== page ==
The Irish Times view on Germany and the CDU: Europe’s next worry
Brexit can no longer distract from Germany’s political, economic uncertainty
Christian Democratic Union (CDU) party chairwoman Annegret Kramp-Karrenbauer and German chancellor Angela Merkel in Leipzig on Thursday. Photograph: Hannibal Hanschke/Reuters
At the headquarters of Germany’s ruling Christian Democratic Union, a massive red acronym – CDU – stands in the first-floor atrium. Until Thursday, that is, when Greenpeace activists strolled out the door with the oversized polystyrene C.
Within minutes the missing C was posting selfies on Twitter from around Berlin, warning that the party’s “Christian” moniker was ill-placed because “protecting creation means protecting the climate.” CDU leaders, in Leipzig ahead of today’s party conference, struggled to contain their embarrassment.
Angela Merkel, once dubbed the “climate chancellor”, now admits Germany will not meet its 2020 climate goals. She looks back on 14 gruelling years in office in almost permanent crisis mode, dominated by efforts to stabilise the euro and defend German business interests.
Whether on EU strategy or on the world stage, Germany remains less bold actor than cautious reactor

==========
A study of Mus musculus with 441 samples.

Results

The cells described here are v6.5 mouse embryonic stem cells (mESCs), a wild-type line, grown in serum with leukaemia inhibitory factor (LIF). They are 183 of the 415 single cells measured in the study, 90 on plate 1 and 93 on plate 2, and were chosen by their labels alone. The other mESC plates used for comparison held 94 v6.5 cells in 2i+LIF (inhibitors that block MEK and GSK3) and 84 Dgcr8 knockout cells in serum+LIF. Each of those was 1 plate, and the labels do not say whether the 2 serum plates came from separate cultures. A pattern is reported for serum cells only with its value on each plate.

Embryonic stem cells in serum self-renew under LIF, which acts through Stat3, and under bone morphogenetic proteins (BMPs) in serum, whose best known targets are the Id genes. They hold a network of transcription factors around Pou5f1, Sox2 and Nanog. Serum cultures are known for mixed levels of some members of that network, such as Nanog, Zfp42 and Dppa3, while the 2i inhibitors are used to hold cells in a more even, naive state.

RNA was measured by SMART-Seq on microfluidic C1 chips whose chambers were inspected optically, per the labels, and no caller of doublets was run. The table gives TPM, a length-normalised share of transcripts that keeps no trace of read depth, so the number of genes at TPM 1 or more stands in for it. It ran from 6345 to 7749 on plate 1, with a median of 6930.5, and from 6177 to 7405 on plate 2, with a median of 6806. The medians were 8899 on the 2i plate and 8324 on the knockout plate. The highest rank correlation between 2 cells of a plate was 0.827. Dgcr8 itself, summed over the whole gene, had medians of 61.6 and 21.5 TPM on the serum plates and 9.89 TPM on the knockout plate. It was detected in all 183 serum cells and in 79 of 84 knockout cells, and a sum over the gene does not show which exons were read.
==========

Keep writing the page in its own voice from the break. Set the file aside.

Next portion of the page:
And now, a year after she stood down as CDU leader, her party is slipping into a political identity crisis. Dr Merkel lingers on – hobbling attempts by her successor, Annegret Kramp-Karrenbauer, to establish her authority and retool party policy. Her Social Democratic coalition partners are on the endangered list while the Green Party is breathing down the CDU’s neck.
After a decade prioritising fiscal restraint, the flip side of balanced budgets is now coming home to roost: indebted German municipalities, a crumbling road and rail network and a mobile phone network ranked worse than Bulgaria’s.
On Monday, outside a government away-day, a television journalist’s live report on its plans to close massive mobile coverage dead zones was cut short – by an overloaded mobile phone network.
Whether on EU strategy or on the world stage, Germany remains less bold actor than cautious reactor. A proposal from foreign minister Heiko Maas for a Nato working group may prove a timely response to Emmanuel Macron’s”brain death” diagnosis – or more defence can-kicking.
Brexit Britain’s long-running Punch and Judy show can no longer distract from Germany’s political drift and economic uncertainty. The EU’s largest member state is the bloc’s next worry.